Dividends Essential Investing in a Low Growth Market
Old fashioned dividend stocks are having a moment. Equity markets have tripled since 2009, but investors have scant sources of income with government bond yields at record lows. Therefore, if investors are not thinking about income dividends and growth as a component of total return then they aren’t considering the full story.
Going back to the 1920’s, nearly half of the return from holding US equities has come from the contribution of dividends, making them almost equally as important as capital appreciation. Although collecting dividends may seem an uninteresting way to accumulate wealth, it can be pretty effective, particularly when the global economic environment remains uncertain.
Ironically high dividend stocks underperformed when interest rates were at 0%, as sectors such as utilities were left behind under the allure of quantitative easing, which helped to support prices for growth stocks. Now that US 10-year Treasuries yields have rallied 80 basis points to 1.5% since the Federal Reserve’s first interest rate rise in December, the market is reassessing traditional income stocks.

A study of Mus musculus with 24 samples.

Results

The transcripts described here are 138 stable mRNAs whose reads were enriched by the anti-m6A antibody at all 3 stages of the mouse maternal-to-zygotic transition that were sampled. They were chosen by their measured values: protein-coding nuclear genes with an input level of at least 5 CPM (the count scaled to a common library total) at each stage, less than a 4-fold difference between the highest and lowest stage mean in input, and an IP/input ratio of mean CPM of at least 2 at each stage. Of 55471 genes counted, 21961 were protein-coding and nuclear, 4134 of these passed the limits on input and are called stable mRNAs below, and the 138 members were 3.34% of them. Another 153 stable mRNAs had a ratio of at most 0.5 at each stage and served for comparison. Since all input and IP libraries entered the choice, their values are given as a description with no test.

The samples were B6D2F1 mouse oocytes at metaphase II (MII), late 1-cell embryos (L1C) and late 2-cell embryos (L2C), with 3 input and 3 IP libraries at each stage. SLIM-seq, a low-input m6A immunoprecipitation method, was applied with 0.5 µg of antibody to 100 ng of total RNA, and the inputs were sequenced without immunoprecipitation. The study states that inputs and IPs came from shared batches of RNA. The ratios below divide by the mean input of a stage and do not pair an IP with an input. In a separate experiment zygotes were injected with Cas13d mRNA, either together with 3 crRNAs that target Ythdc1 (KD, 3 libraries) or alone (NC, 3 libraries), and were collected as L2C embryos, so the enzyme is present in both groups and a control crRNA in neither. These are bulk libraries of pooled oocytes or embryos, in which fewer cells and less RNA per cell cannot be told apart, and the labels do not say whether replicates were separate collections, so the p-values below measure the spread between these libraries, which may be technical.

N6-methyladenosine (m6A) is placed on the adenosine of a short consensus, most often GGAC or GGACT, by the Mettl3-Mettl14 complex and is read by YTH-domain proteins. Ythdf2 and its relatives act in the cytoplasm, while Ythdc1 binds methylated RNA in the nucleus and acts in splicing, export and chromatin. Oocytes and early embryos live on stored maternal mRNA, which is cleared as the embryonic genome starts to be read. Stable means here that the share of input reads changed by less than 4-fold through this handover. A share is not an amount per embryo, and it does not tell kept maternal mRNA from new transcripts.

As the bond refugees pitch up in equity land, they don’t just want the highest-yielding stocks. They want stocks that remind them of bonds: long duration, well managed, stable cash flows, low volatility, low-risk of contagion.
To this end dividend policy is, over and above the income it provides, a terrific signal: it indicates management’s confidence in their business, their commitment to their owners, and last but not least their competence in extracting cash from their businesses. This qualitative aspect is what the market is rewarding too. Thus so-called dividend aristocrats which haven’t cut their dividends in 25 years, have done so much better than stocks which simply have a high dividend yield.
These ‘bond refugees’ are also increasingly looking in the media sector. Some companies in this space have recurring revenues and long term intellectual capital and dividend growth alongside share buyback targets.
The toughest sector is financials which has underperformed for ten years now. European financials have their own risks around regulatory intervention and negative interest rates. The US banks on the other hand are now fully repaired and as such are permitted to pay out up to 100% of earnings.
Sectors with utility-like characteristics and substantial pay-outs even in the absence of further US rate rises will bear watching.
So where are we now? Trend growth globally is around 3% but global GDP growth is around 2% to 2.5%, but recent survey data suggests this may have bottomed out, while at the same time downside tail risks have been receding.